Halloween is in the rearview mirror and Black Friday is on the horizon. As such, retailers and logistics providers are gearing up for the annual holiday logistics crunch. The National Retail Federation (NRF) has forecast that holiday sales during November and December will grow between 8.5 percent and 10.5 percent over 2020 to between $843.4 billion and $859 billion. Additionally, NRF estimates that online sales will increase between 11 percent and 15 percent to a total of between $218.3 billion and $226.2 billion over 2020. This surge in e-commerce will put added strain on an already disrupted supply chain. As we’ve done in years past, let’s check in to see how some of the largest logistics providers and retailers are handling the holiday logistics rush.
Amazon has been on a hiring spree as it gears up for the holiday season. The company plans to hire 150,000 seasonal staffers, which is about 50 percent more than last year. These workers will be used to store, pack, and ship items from its warehouses. Amazon said that the average starting pay of jobs in the US was $18 an hour. And with more competition for entry-level workers, the company has also been offering signing bonuses of as much as $3,000, depending on location, and as much as an additional $3 per hour for workers willing to work overnight or weekend shifts.
Amazon also rolled out “Black Friday-worthy” deals in mid-October in a bid to hook early holiday shoppers. The early Black Friday deals coincided with Amazon’s beauty products event, called “Holiday Beauty Haul.”
UPS is hiring more than 100,000 workers this holiday season, which is about the same number as last year. The company is filling full- and part-time seasonal positions, primarily package handlers, drivers, driver helpers, and personal vehicle drivers. UPS has a track record of turning seasonal jobs into permanent positions. Over the last three years, about one-third of people hired by UPS for seasonal package handler jobs were later hired in a permanent position when the holidays were over, and about 138,000 current UPS employees, or nearly a third of the company’s US workforce, started in seasonal positions. Through the company’s Earn and Learn program, eligible seasonal employees who are students can earn up to $1,300 towards college expenses, in addition to their hourly pay, for three months of continuous employment.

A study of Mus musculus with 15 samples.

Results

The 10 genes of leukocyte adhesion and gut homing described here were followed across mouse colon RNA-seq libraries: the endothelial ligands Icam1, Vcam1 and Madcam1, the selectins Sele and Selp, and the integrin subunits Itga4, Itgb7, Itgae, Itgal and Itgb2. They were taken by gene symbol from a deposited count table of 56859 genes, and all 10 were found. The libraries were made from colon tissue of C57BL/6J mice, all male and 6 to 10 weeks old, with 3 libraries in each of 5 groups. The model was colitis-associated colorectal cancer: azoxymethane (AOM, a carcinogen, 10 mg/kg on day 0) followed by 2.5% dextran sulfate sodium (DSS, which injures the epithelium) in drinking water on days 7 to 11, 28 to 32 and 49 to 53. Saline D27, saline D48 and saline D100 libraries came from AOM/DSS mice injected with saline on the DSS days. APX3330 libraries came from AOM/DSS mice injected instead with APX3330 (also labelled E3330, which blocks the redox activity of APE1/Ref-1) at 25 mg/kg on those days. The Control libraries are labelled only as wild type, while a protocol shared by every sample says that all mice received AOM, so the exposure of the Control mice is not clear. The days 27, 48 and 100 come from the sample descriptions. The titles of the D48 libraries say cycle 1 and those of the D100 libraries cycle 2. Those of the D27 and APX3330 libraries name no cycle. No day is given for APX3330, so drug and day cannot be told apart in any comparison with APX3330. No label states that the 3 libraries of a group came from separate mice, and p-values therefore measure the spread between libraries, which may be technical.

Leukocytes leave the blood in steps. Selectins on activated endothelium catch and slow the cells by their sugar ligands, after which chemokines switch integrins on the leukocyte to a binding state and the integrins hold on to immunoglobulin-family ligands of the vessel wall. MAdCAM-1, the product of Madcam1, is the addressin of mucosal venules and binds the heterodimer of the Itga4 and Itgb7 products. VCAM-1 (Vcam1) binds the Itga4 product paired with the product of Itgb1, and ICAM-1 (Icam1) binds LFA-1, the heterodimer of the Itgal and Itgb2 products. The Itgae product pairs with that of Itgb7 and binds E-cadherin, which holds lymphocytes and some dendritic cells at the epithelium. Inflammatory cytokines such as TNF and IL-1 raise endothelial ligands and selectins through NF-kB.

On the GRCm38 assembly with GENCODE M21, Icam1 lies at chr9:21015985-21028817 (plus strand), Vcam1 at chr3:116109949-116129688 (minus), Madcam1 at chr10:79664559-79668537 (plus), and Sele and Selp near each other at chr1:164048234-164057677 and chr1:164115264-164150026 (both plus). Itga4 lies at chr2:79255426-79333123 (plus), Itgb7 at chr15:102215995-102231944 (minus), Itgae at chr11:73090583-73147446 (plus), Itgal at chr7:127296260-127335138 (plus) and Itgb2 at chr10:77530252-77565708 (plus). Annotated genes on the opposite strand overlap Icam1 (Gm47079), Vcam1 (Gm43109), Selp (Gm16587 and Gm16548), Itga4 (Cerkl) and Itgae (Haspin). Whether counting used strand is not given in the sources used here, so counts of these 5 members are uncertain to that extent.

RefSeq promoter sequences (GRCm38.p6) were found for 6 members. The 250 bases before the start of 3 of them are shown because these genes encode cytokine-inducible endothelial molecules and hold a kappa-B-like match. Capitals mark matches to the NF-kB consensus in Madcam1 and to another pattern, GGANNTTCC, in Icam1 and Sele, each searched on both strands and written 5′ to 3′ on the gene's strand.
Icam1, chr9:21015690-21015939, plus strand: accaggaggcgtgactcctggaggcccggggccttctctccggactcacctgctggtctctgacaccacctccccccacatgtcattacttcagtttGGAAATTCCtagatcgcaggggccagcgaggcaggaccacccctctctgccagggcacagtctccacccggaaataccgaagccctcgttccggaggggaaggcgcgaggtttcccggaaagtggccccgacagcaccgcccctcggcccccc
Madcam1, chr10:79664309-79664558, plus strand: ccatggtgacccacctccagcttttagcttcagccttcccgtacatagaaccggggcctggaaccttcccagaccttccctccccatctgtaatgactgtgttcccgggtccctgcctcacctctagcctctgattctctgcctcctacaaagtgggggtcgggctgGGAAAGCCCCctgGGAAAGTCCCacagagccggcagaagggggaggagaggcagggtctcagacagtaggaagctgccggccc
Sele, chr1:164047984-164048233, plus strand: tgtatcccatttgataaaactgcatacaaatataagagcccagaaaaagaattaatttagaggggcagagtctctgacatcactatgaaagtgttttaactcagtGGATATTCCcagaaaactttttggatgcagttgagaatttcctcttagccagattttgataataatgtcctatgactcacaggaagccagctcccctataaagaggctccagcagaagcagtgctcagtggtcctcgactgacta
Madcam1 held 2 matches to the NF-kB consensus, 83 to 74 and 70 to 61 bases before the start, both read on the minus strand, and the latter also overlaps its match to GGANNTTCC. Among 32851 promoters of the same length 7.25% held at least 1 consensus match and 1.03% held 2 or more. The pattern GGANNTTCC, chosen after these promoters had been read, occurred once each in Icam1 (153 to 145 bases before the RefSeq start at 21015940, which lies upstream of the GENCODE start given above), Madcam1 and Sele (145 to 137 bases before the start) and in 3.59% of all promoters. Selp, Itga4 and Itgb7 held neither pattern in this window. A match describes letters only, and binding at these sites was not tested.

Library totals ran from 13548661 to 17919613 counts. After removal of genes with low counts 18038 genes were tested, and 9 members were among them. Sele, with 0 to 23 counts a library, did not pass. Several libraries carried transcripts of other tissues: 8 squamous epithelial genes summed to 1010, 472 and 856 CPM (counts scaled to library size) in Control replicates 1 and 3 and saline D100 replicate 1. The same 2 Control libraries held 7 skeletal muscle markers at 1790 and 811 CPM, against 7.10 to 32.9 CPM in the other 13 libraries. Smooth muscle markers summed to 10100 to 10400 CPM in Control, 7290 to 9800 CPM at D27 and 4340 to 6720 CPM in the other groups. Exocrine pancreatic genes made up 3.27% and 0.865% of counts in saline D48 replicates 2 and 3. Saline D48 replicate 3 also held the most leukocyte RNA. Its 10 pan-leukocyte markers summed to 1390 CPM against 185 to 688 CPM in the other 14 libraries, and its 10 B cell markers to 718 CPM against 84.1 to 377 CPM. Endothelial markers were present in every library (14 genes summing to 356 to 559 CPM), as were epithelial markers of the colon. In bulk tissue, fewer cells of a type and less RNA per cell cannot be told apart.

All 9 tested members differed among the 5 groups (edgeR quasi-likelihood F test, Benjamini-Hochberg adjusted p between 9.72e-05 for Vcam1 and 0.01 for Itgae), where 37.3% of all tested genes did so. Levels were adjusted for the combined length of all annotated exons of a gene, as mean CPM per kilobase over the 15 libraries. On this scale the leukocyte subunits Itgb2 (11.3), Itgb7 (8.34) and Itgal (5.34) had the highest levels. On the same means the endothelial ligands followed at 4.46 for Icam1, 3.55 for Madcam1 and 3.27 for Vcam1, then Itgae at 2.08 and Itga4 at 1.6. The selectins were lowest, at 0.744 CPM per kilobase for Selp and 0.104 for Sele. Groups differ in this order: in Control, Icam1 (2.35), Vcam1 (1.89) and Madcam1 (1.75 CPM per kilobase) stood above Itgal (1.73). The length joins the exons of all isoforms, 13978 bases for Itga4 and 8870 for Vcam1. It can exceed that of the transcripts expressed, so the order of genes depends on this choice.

FedEx is bringing in approximately 90,000 seasonal workers this year, which is an increase of about 30 percent over last year. The company is also adding new hubs and sorting centers as well as making improvements in package handling and delivery capabilities to keep up with demand. FedEx is making the commitment to seven-day residential delivery to get packages where they need to be every day of the week. On top of the seasonal workers to sort and deliver packages, FedEx is also hiring about 500 people to fill positions in IT and data science.